Can an employee collect workers’ comp benefits even if he failed to report the injury until six months after it happened?
An Oregon appeals court found that in most cases, an employee has only 90 days to report an injury, with an extension of up to a year if there’s a good reason for the delay.
Thought it was a sprain, turned out he needed surgery
In The Matter of the Compensation of Johnson-Chandler, a campus community safety officer injured his thumb at work while strapping a bicycle to a roof rack.
He experienced intense pain at the time of the injury, but the pain subsided over several days. The officer thought he’d sprained his thumb, an injury he’d experienced before, outside of work. That previous injury healed on its own over time, so he didn’t report the work injury, thinking it too would heal on its own without medical attention.
The officer treated the injury with ice, heat, and wrapping and soaking it in hot water with Epsom salts, but the symptoms worsened. Six months after the injury, he sought medical treatment for what turned out to be a condition that required surgery. At this point, he filed a workers’ compensation claim.
Did he have a good reason?
The employer denied the claim because it hadn’t received notice of the injury within 90 days of the incident and the officer requested a hearing, claiming he wasn’t time barred from filing since he had a good reason for failing to do so.
An administrative law judge agreed with the officer that the notice should be extended to a year since there was a good cause for failing to provide notice within 90 days. The state’s workers’ compensation board reversed the judge’s decision and denied the claim, finding a good cause was not established.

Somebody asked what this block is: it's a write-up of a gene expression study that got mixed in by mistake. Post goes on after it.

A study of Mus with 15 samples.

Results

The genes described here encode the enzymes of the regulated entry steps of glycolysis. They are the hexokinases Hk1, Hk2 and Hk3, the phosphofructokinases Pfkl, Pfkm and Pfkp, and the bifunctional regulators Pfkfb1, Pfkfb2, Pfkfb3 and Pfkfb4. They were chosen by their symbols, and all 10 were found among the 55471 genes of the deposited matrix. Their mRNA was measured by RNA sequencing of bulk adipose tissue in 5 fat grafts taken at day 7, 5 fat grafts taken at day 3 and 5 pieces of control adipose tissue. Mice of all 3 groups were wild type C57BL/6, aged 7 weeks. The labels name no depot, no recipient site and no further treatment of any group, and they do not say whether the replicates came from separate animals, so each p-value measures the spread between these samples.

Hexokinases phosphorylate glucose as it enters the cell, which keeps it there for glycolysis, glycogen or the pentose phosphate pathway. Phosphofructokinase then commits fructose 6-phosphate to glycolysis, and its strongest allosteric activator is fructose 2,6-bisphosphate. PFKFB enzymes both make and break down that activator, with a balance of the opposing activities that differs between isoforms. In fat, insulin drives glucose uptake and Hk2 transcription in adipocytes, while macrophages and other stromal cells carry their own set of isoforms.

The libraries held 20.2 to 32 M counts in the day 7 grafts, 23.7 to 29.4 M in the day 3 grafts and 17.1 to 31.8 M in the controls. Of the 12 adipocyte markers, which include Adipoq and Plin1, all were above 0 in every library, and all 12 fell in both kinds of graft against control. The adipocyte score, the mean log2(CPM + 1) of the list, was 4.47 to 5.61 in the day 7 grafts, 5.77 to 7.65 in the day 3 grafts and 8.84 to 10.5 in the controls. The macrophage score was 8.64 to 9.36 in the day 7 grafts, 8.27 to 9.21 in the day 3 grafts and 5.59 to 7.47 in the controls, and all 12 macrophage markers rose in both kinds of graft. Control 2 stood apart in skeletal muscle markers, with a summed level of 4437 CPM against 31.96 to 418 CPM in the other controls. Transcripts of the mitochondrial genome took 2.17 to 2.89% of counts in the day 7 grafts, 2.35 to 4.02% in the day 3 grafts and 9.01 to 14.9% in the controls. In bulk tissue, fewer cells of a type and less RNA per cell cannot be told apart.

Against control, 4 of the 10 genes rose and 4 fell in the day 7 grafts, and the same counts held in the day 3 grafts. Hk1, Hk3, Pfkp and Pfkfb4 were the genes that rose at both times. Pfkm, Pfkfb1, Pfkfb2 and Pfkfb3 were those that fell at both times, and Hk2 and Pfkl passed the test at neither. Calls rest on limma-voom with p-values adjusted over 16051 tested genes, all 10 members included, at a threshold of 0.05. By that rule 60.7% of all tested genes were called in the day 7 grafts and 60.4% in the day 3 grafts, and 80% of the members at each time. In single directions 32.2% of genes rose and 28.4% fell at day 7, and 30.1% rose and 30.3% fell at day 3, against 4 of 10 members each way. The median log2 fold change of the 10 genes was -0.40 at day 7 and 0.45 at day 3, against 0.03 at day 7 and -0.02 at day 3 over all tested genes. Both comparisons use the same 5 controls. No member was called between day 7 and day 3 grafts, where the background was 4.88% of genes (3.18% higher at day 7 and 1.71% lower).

What would a ‘reasonable person’ do?
The appeals court upheld the board’s decision, explaining that the board had adopted a “reasonable worker standard” that finds “that a reasonable person in claimant’s situation would have known of enough facts to be expected to give timely notice of the accident.”
In denying the claim, the board found the officer’s initial belief that his injury wasn’t significant enough to seek medical treatment didn’t excuse the untimely notice since the officer:
- had been trained to report such incidents
- suffered excruciating pain when the injury occurred
- adjusted work tasks to avoid pain in his thumb
- had self-treated the injury, and
- had worsening conditions within the 90-day period.
That led the board, and the appeals court, to conclude that the officer failed to establish good cause for his untimely notice.